Access is a challenge with more than 4,000 people impacted by deadly landslide in Enga, Papua New Guinea

26 May 2024


CARE's Justine McMahon speaks with Sky News

CARE is deeply saddened by the news of a landslide which occurred early on Friday morning of 24 May in Enga Province, in the northern region of Papua New Guinea. The landslide, which occurred at 3am PNG time in Yambali Village, took place in a remote area. Highway access near Yambali Village is obstructed, which will likely take considerable time to clear. This will hinder assessment and relief efforts.

Despite the challenges, the Enga Provincial Administration was quick to deploy a team comprising the Provincial Disaster Management Office, the Enga Provincial Health Authority, the Provincial Police Force, the PNG Defense Force, and United Nations agencies (International Organization for Migration and UNDP) to assess the situation.

Yambali Ward in Enga Province has been severely affected. Reports from the authorities are that sadly, over 60 homes have been destroyed, and at present, all members of these households remain unaccounted for. More homes could be at risk if the landslide continues down the mountain, particularly in Lapak Ward and Kaundak Ward (both in Enga Province).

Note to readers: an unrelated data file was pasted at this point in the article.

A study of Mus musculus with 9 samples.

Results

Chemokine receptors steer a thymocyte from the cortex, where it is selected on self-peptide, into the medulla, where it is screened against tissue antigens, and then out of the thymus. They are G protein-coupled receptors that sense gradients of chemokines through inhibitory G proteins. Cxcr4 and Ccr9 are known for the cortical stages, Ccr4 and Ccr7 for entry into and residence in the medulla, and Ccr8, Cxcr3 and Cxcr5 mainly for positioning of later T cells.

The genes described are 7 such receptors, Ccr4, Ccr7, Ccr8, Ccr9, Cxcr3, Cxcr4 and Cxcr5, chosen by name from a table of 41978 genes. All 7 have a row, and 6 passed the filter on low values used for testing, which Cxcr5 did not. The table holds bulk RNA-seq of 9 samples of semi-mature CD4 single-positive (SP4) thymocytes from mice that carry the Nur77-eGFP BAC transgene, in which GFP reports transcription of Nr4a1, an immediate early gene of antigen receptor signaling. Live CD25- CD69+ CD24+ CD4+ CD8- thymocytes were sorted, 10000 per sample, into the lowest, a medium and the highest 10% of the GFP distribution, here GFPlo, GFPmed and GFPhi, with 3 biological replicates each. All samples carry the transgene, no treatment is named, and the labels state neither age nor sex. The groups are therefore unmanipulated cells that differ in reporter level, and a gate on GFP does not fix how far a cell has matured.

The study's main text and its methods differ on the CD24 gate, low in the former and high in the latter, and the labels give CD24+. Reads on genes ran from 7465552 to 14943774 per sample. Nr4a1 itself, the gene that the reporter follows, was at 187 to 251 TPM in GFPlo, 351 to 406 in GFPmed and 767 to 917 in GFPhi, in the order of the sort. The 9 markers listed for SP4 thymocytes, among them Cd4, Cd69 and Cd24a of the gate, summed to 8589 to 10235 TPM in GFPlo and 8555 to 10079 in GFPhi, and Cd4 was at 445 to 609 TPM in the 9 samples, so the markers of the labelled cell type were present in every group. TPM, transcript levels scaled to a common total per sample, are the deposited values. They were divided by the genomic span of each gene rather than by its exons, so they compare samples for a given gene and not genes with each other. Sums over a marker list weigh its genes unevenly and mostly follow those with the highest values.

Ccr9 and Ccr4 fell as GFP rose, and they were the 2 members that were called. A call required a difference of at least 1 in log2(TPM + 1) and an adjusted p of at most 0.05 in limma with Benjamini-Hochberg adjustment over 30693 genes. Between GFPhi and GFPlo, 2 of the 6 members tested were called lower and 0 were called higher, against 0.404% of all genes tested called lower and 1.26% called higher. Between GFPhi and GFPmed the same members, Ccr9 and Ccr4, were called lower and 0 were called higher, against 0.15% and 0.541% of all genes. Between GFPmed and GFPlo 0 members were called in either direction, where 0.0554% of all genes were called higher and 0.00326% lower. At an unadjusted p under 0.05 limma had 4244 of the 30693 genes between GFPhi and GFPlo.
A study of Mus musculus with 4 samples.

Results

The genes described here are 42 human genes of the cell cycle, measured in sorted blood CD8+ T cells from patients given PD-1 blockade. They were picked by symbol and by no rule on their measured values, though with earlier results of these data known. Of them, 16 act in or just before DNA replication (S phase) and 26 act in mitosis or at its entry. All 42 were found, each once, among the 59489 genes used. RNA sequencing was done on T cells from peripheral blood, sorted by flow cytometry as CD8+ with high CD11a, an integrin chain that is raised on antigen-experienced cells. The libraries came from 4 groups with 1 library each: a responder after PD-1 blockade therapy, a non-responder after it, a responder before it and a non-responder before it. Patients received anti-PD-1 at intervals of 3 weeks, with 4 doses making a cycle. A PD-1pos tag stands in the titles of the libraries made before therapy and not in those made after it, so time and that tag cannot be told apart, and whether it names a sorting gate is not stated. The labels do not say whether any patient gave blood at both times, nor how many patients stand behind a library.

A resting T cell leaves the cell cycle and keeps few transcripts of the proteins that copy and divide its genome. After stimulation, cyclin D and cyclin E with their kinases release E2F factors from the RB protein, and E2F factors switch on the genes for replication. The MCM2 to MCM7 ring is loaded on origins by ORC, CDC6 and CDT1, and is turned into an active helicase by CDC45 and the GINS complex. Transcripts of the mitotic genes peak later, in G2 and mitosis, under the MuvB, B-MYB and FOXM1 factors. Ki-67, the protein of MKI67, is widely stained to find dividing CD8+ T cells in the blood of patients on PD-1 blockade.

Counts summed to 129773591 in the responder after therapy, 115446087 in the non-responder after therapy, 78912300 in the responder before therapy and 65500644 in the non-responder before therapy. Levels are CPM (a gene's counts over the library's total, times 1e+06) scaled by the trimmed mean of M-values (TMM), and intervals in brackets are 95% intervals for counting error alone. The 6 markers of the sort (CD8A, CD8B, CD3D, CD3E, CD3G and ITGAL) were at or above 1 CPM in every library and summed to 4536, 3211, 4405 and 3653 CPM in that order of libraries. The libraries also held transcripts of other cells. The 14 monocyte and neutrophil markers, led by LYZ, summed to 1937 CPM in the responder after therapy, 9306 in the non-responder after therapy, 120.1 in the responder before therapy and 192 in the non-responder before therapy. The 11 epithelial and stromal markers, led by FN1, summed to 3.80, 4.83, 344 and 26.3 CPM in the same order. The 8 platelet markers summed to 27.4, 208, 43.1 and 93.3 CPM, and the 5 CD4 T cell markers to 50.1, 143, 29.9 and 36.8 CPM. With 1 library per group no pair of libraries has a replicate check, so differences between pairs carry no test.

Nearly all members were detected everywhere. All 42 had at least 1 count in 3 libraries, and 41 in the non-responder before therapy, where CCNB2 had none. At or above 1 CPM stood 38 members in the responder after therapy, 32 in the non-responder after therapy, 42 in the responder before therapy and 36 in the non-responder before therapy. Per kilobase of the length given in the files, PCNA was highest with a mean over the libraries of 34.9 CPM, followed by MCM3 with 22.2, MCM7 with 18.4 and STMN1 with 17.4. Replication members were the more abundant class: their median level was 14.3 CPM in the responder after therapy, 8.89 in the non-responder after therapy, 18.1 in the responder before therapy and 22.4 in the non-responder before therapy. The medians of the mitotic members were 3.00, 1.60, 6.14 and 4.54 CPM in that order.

There are nearly 4,000 people living in the areas where the landslide occurred, however the total number of those affected is likely to be higher, as Yambali Village has been a place of refuge for those displaced by conflicts in nearby wards and villages.

The landslide has debris between 6 metres and 8 metres deep, and over 200 square kilometres of land has been affected, including 150 metres of the main highway into Enga Province. As the only highway into Enga, this is making relief efforts difficult.

Justine McMahon, CARE Papua New Guinea Director, said:

“Many of the houses are buried under eight metres of dirt so if the land doesn’t stabilise then it has to be done predominantly by hand then that will take a significant amount of time. The vast majority of houses are made out of bush materials so they’re not strong [enough] to withstand a small landslide, let alone something of this scale.”

Those affected, urgently need supplies of food, water and shelter. CARE is meeting with humanitarian partners to discuss the ongoing impact and the need for response, and stands ready to support the government-led response as appropriate.

CARE has worked in Enga over the years in humanitarian, development and peace-building projects. Such work forms part of CARE’s broader work throughout the highlands region of Papua New Guinea, across natural disaster preparedness and response, health, gender equality and livelihood promotion.